At 9.35 yesterday morning, the 'high specification, premium brand' tourist bus was on its way to Canterbury and Leeds Castle in wet and windy weather. According to police, it hit the rear of a Ford Transit van and careered into a barrier, veering down an embankment and rolling as it fell. The coach came to rest on the driver's side, facing backwards, its rear end nestling into the muddy ditch at the bottom.
The driver, who was pulled from the back of the coach, was among the 10 dead. The van's driver was unhurt and was later interviewed by police. Accident investigators think it will be tomorrow before the true cause of the crash can be determined.
'There was no screaming, no hysteria,' said one young fireman as he stood watching the salvage operation. 'Some of them were walking out as we got there. Some were thrown out into the ditch. But there was no crying at all.'
It took more than two hours to remove everyone from the wreckage; the dead were taken out last. One witness described how only the hands and feet of the victims, trapped under the offside of the coach, had been visible. The paramedics had walked slowly along the length of the coach, she said, touching the limbs, shaking their heads and moving on.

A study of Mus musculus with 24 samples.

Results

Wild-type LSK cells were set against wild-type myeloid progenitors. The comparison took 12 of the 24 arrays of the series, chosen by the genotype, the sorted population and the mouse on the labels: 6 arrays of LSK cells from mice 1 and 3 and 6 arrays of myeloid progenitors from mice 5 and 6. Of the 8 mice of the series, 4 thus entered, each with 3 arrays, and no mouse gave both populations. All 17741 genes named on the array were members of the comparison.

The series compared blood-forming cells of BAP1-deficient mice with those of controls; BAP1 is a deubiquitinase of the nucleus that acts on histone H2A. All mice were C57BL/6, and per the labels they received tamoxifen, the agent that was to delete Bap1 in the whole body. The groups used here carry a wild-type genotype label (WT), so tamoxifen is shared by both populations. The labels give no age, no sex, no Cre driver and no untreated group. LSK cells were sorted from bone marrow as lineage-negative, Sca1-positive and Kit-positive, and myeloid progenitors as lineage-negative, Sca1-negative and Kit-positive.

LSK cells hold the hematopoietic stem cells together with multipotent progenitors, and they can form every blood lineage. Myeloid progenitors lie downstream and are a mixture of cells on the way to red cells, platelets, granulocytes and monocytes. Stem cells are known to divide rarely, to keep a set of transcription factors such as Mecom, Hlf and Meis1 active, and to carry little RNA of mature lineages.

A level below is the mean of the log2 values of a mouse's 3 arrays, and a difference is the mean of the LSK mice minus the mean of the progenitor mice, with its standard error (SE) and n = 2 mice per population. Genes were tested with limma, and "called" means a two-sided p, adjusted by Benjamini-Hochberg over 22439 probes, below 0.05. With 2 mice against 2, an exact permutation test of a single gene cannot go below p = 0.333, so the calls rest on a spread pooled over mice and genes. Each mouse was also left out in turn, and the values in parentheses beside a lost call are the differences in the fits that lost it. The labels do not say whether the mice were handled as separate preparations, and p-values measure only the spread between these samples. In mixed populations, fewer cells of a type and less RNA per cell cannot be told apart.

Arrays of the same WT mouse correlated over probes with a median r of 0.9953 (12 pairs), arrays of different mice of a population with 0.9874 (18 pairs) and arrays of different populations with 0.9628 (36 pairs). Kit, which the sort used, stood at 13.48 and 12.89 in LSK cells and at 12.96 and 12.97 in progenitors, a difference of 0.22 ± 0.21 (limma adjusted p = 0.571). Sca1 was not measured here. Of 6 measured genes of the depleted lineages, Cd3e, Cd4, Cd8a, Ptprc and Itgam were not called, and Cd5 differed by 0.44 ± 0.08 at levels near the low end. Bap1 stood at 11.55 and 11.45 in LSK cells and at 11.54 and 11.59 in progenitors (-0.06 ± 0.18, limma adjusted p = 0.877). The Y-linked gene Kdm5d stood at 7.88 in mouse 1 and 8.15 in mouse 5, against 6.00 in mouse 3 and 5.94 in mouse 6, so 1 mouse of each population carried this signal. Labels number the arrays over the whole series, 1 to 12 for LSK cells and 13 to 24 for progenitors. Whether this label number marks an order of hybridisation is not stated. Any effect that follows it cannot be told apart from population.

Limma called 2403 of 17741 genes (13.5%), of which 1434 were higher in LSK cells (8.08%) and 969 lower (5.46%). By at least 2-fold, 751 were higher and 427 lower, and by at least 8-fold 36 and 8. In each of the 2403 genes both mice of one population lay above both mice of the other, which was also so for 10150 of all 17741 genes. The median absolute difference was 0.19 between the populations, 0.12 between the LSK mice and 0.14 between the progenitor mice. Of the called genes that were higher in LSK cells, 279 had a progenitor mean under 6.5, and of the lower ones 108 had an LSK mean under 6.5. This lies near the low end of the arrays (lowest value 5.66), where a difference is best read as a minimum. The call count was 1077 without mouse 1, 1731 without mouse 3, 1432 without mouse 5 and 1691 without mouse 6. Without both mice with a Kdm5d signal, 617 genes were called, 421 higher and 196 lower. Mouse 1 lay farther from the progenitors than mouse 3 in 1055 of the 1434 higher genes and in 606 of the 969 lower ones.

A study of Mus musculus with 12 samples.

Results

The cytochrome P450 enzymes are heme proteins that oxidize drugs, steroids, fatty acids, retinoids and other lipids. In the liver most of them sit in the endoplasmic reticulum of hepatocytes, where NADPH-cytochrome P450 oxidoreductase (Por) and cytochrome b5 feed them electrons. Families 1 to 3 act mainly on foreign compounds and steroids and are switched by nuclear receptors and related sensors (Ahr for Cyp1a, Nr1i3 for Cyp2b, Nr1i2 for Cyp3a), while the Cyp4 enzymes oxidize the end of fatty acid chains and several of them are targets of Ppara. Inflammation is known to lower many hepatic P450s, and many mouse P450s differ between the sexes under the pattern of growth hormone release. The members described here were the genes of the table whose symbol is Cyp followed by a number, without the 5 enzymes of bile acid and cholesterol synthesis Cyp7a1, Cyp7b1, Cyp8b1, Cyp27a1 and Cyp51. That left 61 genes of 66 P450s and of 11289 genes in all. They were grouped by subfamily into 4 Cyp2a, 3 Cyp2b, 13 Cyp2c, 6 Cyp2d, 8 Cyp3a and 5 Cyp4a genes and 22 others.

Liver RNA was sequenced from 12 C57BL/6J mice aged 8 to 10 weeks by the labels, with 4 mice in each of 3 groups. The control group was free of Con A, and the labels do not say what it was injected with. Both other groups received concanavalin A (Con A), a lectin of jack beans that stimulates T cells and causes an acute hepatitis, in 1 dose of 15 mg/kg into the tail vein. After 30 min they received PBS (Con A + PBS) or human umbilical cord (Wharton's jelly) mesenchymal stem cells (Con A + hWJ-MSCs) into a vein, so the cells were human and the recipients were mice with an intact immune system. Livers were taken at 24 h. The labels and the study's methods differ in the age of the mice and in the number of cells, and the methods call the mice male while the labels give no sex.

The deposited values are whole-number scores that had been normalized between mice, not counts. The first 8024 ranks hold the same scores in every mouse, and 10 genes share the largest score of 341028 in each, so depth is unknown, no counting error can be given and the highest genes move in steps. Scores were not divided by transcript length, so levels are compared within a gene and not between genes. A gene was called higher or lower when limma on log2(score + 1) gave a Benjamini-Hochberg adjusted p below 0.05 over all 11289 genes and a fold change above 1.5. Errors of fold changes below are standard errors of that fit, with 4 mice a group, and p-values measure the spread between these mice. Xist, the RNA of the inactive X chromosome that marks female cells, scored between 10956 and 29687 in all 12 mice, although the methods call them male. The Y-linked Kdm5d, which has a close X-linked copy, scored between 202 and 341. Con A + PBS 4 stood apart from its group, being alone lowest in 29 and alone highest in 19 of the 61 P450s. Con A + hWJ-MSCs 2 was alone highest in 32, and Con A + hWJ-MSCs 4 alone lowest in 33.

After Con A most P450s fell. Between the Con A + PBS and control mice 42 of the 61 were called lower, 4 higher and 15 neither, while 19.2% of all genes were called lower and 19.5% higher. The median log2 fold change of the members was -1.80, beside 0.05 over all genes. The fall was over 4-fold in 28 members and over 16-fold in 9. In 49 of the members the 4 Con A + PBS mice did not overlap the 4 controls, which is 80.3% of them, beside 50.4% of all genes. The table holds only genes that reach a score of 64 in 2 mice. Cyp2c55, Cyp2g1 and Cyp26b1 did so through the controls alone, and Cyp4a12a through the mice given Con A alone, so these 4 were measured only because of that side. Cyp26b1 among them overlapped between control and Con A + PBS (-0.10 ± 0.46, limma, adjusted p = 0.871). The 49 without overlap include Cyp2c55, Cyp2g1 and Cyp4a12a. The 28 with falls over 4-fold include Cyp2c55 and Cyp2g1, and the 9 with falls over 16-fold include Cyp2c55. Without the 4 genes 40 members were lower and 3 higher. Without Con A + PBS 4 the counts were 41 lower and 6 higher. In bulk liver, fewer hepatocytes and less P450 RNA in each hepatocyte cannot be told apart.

John Walraven, a lorry driver, came across the accident just after it happened. 'People had appalling injuries caused by broken glass,' he said, adding that some were trying to stand up but could not because of broken limbs.
Along the grass a collection of brightly coloured duvets caught the eye. On them were belongings gathered from the area; a paperback book, a handbag, a single shoe. It was all that remained of what should have been an enjoyable day sightseeing round the Kent countryside for American and Canadian tourists.